A Switch port of games from five years ago that feels like it’s more than 10 years old.
Revisiting the past of video games can be a dicey proposition. More often than not, games are a product of their era and elicit a strong sense of “you had to be there” nostalgia to be appreciated, especially in light of constant iteration. Every so often, a game clearly stands the test of time and holds up despite coming out years ago. New Super Mario Bros. U DX straddles the line deftly, as the creativity and smart level design on display in New Super Mario Bros. U and New Super Luigi U are still excellent after more than half a decade. But something was lost in translation. A sauntering pace and the absence of Miiverse and Boost Mode help to make these two well-crafted adventures feel much older than they actually are, like they’re representative of Nintendo from an era extremely far removed from 2019.
Since these games debuted, Nintendo has executed a slew of brilliant ideas, mostly related to the launch of the Switch after the failure of the Wii U. Even just limiting it to Mario games, Super Mario Maker and Super Mario Odyssey were both a shot in the arm for the company’s mascot. Both are great, with Mario Maker reinventing the 2D style with a creation aspect and Odyssey making modern updates like removing the traditional lives system. In comparison, New Super Mario Bros. U seems like it’s from a lifetime ago, as the 2D platformer is built around a nearly perfunctory lives system and a baffling save system that features temporary quick saves and only offers a full save after beating a castle or fortress. And while so many platformers—even ones from 2012—let players quickly jump back into the action after a death, this pair of games still feature immense downtime between failures, as you’re always kicked back out to the world map and have to wait just a little bit too long to jump back into the action. For a port of a game from a past generation, the load times are weirdly lengthy.
In their initial 2012 and 2013 launches, New Super Mario Bros. U and New Super Luigi U were both the end of an era of 2D Mario. To that end, they weren’t all that “new.” Both games still show off some of the sharpest Mario level design to date, but aside from a more cohesive world map and a new Squirrel power-up that basically is the Super Mario World Cape but worse, the intriguing additions are all washed away in the Switch port. The Wii U versions were Miiverse showcases, offering a great level of social interaction with the ability to jot down or view hints from other players (and sometimes be subject to pure horror because Miiverse did have its NSFW issues). It also had Boost Mode, an amusing multiplayer mode where a player could use the Wii U GamePad’s touch screen to assist another player or four. While remnants of that mode still linger, the clever application of asymmetric multiplayer is gone.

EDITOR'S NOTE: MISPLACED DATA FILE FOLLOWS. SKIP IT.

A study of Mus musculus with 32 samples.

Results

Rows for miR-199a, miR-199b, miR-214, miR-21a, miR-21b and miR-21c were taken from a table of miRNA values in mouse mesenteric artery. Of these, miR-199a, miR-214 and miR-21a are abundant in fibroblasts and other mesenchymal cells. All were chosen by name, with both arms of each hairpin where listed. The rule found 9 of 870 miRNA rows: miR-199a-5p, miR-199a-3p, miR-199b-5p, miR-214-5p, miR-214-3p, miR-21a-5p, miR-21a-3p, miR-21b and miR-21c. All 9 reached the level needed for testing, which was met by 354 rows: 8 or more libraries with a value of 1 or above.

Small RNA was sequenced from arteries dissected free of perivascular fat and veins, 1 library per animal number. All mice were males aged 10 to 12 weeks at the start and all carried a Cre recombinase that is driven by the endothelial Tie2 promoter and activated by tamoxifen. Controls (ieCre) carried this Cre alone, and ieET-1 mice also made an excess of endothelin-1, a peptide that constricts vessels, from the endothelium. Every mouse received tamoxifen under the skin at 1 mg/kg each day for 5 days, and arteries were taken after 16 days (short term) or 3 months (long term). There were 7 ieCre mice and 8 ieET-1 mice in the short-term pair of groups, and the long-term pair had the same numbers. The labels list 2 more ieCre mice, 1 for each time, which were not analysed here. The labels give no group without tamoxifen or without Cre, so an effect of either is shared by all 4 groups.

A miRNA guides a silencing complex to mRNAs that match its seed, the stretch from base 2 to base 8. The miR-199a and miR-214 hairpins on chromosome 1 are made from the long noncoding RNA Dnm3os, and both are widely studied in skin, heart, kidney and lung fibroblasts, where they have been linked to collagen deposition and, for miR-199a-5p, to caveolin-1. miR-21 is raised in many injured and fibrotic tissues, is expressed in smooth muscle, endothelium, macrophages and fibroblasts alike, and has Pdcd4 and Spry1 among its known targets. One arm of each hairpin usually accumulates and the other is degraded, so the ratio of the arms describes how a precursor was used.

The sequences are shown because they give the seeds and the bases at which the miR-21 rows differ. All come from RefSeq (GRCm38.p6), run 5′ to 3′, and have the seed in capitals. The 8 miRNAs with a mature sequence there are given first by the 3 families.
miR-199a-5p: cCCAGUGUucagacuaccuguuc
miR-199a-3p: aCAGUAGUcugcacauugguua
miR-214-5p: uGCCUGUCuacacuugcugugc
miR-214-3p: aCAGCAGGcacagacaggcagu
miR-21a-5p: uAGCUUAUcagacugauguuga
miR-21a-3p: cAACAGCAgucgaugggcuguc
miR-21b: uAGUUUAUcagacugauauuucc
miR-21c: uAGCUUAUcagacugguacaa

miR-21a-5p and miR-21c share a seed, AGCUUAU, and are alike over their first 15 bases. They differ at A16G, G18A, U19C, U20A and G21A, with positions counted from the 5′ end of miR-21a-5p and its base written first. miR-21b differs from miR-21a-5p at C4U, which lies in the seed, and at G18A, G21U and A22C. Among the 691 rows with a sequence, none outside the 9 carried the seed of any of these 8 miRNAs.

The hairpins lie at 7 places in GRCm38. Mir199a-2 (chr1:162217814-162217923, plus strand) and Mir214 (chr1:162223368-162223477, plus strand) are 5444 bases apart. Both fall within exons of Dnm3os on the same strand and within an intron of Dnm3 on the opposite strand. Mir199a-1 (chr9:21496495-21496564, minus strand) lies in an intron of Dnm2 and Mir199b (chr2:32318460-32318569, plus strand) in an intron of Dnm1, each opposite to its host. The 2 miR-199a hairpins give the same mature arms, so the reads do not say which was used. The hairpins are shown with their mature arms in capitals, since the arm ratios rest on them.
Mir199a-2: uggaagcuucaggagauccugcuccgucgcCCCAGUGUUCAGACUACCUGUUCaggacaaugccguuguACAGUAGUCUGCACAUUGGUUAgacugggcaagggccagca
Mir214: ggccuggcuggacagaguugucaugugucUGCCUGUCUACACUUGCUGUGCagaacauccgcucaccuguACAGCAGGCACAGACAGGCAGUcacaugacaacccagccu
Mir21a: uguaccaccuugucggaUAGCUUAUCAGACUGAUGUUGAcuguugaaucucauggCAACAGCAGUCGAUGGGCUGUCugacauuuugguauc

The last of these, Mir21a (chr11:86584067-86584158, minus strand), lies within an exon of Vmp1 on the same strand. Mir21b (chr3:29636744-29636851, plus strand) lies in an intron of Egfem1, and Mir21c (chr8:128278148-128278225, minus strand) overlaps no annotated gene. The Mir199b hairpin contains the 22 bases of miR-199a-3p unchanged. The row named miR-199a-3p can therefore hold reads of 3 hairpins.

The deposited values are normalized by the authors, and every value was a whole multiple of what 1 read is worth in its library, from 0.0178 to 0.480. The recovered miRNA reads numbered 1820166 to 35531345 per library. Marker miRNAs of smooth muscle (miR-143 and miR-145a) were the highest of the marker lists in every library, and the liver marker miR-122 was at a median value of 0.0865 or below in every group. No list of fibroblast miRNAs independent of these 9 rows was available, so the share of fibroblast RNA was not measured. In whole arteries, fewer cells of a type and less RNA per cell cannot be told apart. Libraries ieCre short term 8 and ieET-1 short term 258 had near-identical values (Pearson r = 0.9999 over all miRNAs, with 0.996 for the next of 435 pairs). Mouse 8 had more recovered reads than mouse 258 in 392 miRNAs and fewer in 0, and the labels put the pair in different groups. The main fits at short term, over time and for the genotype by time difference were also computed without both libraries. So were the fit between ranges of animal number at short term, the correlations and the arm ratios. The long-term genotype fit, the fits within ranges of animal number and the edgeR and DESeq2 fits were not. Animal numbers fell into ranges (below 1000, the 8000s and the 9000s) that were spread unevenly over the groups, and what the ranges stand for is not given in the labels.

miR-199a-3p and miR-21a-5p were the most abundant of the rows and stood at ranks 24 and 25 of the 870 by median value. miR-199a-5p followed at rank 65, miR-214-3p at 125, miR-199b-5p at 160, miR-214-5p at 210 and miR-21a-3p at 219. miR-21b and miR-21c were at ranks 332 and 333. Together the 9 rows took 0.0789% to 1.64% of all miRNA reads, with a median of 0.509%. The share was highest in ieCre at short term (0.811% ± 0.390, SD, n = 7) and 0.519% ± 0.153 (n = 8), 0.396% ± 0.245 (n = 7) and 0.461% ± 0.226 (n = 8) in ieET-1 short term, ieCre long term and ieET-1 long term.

Moving away from what’s absent from the Switch ports, here’s what it adds: not much. The biggest addition is Toadette, a new player character that can transform into the disturbing mutant Peachette, which is a great way to play this hard platformer if it’s too challenging. Peachette has Peach’s trademark sidescrolling float as well as a second jump that offers a great vertical boost. Toadette is basically an easy mode, with Nabbit—now playable in New Super Mario Bros. U for the first time— being the easiest mode as he doesn’t take damage from enemies. Having that gradation in difficulty and letting Toadette, Nabbit, and other characters all play together is great.
With all of that in mind, if you missed out on the Wii U or the last gasps of the New Super Mario Bros. series, this collection of that era of 2D Mario’s finest hours is well worth playing. The levels are clever and the challenge is terse but fair. The soundtrack is still boring and disappointing, though ultimately inoffensive. As long as you can get past that and some of the borderline archaic elements, like the laborious pacing or the ancient save and lives system, New Super Mario Bros. U and New Super Luigi U are both awesome. It might not be 2D Mario’s best, but it’s definitely worthy of being in the conversation.
On a system with countless other 2D platformers, whether it’s other ones from Nintendo (Tropical Freeze holds up way better) or the hundreds from indie developers, New Super Mario Bros. U DX is far less essential. The package is totally fine, and outside of Peachette leading to one of the most disturbing memes in recent Nintendo memory, the new character’s addition is welcome. Aside from that, the only benefits of this release is that it can be truly played portably and it’s on a console a lot more people own.